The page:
Bank of Canada to Follow U.S. Fed’s 0.75% Hike in July
Turns out, a half-point interest rate hike isn’t all that extraordinary; following the U.S. Federal Reserve’s move to increase its Federal Funds rate by 0.75% on June 15th — the largest since 1994 — expectations are now solidifying for the Bank of Canada (BoC) to follow suit, further amping up borrowing costs for consumers.
The Fed’s move, made in response to an unexpectedly-high May inflation read of 8.6% — a 40-year record — brings its rate range to 1.5 – 1.75%.
In a press conference following the Fed’s announcement, Chair Jerome Powell doubled down on more large hikes to come, saying another 0.75% increase is possible in its next meeting on July 27, with a half-point hike coming at a minimum. The market is now pricing in that the fed funds rate will rise to 3.4% this year, and to 3.8% by the end of 2023, before easing again to 3.4% in 2024.
Such an aggressive rate trajectory has led to fresh stock market correction, and has raised questions as to whether a similar-sized move — or even a full-percentage hike — could now be made by Canada’s monetary policymakers.
Economists are certainly starting to think so.
In a note to investors, CIBC World Markets Chief Economist Avery Shenfeld and Capital Markets Senior Economist Katherine Judge wrote, “There’s little doubt that major central banks are fully engaged in an effort to bring inflation back down to earth. Monetary tightening will push up interest rates in the months ahead, and given intensified price pressures, we’ve moved all of the rate hikes into 2022 and added to our peak targets in the U.S. and Canada from where we stood a month ago. That will likely include 75 basis point hikes by both the Bank of Canada and the U.S. Fed at their next rate setting dates.”
In an interview with BNN Bloomberg, former BoC Governor David Dodge said that given central banks’ main mandate right now is to hit a neutral range as fast as possible, the size of the hikes themselves is of less importance.
“I think it’s been quite clear that central banks need to get up to neutral in North America quickly to make up for lost time in 2021,” he said. “Whether they’re going by 50 [basis] points, 75 [basis] points, or even making a full-point move really isn’t so much the issue. The issue is to get it up quickly and to signal to the world that they are getting it up to neutral.”
A “Case Could Easily be Made” for a 1% Hike
Rob McLister, Mortgage Strategist at MortgageLogic.News, told STOREYS that Canada’s central bank “may have little choice” but to match the Fed’s 75-basis-point (bps) hike.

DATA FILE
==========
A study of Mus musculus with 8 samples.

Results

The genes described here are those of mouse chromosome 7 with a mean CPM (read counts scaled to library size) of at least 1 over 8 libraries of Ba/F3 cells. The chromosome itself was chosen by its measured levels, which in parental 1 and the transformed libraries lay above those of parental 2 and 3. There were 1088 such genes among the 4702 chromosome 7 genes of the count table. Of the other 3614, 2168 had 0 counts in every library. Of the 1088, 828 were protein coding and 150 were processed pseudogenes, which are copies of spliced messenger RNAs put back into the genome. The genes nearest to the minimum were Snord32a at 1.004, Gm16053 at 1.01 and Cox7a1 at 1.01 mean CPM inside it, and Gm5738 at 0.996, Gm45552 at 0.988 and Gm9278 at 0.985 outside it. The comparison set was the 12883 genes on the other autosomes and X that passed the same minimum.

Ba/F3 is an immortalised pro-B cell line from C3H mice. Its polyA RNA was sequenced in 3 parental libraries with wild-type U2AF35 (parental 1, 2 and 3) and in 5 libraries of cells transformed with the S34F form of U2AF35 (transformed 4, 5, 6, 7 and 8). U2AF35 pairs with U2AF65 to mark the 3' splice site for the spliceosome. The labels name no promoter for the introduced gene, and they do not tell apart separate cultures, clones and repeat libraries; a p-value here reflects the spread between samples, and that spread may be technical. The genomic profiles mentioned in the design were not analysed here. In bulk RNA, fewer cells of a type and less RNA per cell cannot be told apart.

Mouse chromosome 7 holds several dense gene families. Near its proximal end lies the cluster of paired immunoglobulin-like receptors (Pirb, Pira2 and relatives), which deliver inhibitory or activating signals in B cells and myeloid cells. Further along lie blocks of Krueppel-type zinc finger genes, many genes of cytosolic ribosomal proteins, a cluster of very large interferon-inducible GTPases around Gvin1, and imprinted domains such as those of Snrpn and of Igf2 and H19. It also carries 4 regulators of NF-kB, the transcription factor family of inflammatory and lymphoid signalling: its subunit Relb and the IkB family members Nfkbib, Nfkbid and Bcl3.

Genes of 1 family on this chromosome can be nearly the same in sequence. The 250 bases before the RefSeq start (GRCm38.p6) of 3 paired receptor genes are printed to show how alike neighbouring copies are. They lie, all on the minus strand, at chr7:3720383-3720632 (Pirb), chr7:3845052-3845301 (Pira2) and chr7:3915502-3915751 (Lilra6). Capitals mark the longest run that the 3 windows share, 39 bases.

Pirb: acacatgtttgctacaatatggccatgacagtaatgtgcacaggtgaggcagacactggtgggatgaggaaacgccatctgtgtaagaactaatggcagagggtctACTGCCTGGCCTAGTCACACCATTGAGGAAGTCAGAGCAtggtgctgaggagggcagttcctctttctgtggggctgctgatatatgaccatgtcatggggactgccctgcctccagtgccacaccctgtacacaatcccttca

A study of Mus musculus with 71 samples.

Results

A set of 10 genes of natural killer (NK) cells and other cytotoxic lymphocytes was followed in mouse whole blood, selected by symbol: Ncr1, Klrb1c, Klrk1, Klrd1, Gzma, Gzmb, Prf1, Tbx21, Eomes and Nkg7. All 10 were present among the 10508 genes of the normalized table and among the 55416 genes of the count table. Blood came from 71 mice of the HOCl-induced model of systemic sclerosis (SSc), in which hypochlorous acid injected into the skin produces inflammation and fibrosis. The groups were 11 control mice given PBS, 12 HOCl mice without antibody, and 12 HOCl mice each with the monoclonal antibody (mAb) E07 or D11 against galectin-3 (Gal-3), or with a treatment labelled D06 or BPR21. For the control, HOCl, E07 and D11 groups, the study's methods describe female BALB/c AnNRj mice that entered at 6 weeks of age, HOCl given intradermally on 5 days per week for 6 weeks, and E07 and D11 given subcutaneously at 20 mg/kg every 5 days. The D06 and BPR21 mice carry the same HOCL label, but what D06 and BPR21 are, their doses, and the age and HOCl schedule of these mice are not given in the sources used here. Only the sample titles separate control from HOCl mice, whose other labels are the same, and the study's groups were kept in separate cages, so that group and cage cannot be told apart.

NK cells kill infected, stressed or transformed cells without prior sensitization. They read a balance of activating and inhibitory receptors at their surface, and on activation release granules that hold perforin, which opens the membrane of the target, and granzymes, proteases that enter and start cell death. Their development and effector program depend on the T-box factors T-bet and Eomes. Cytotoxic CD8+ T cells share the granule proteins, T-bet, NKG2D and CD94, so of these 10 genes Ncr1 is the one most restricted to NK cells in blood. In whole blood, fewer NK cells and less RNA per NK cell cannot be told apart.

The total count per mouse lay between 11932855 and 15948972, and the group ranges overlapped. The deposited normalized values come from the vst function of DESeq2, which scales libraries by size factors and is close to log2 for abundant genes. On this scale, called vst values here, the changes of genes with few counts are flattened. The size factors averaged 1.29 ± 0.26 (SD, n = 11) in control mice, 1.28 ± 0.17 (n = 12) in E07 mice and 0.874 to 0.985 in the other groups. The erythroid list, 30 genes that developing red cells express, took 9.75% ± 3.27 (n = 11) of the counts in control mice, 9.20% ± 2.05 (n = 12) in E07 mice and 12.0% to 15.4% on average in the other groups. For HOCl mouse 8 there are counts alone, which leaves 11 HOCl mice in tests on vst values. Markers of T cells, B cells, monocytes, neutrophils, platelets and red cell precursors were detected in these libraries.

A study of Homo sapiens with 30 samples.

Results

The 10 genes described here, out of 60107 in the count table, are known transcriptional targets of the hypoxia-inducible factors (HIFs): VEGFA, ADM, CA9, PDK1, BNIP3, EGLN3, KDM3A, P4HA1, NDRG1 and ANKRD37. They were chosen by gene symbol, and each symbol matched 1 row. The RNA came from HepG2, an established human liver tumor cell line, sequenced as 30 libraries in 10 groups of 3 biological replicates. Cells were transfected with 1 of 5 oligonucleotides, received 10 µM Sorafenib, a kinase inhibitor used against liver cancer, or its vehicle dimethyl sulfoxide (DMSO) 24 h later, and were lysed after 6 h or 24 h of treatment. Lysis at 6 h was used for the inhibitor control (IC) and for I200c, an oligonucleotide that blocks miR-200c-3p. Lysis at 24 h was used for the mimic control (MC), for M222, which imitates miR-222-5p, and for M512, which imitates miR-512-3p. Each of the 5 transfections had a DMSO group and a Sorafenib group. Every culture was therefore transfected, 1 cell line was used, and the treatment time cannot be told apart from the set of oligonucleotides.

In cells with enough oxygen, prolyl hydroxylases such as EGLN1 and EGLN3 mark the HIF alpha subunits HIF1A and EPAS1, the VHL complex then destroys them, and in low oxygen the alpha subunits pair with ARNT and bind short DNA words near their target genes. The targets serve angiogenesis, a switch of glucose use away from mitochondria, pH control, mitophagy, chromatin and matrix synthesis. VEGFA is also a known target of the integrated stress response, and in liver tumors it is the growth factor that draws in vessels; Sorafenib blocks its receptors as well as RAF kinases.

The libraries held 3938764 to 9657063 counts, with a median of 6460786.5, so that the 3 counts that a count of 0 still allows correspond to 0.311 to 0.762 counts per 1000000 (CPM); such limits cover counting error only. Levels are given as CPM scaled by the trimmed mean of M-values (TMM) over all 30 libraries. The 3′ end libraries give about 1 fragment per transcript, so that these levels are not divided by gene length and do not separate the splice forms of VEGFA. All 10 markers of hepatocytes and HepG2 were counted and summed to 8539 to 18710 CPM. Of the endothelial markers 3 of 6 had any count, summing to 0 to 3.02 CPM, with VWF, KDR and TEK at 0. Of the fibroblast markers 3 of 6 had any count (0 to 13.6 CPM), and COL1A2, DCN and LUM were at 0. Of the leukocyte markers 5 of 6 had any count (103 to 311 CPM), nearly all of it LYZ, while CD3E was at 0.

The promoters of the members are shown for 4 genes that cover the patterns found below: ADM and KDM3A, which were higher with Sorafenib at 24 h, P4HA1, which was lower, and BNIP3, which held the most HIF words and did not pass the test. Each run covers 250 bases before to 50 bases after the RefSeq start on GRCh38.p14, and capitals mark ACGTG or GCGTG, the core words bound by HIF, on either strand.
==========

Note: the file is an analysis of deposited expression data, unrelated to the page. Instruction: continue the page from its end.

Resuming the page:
“The two central banks routinely coordinate given their economic ties. The BoC is fully cognizant of potential cross-border economic imbalances (e.g., adverse currency effects) if it were to take a harder line than the Fed,” he says.
While a “case could easily be made” for a full-point hike, given the BoC’s delayed start to its hiking cycle and increasingly un-anchored expectations for inflation, he points out that as of June 16th, the bond market was still pricing in a maximum 75 bps increase in the Bank’s next policy announcement on July 13. That could also mean the steep upward trajectory seen in the fixed-rate mortgage market could soon hit a ceiling.
“The bond market expected the Bank of Canada to stop hiking around 3.75%, or 225 bps higher than today,” he says. “If this terminal rate expectation holds, it’s very unlikely five-year yields would exceed that level. In other words, odds are that we’re not far from the top in five-year fixed rates. I’d be surprised if prime uninsured five-year fixed rates rose much into the 6-7% range. The typical discretionary rate on a big bank uninsured five-year fixed today is 5.14%.”
Government five-year bond yields hit a new decade high this week on the news of the super-charged Fed hike, reaching a peak of 3.56%, before moderating slightly to 3.34%.
As those yields soar, mortgage borrowers have been increasingly shut out of fixed-rate options. In a previous note, McLister pointed out that borrowers haven’t had to qualify at rates like today’s in 20 years, especially factoring in the OSFI mortgage stress test, which tacks on an additional 2% to borrowers’ mortgage qualifying requirements. That means today’s five-year fixed applicant is looking at a hurdle in the 6% – upper 7% range in order to secure home financing.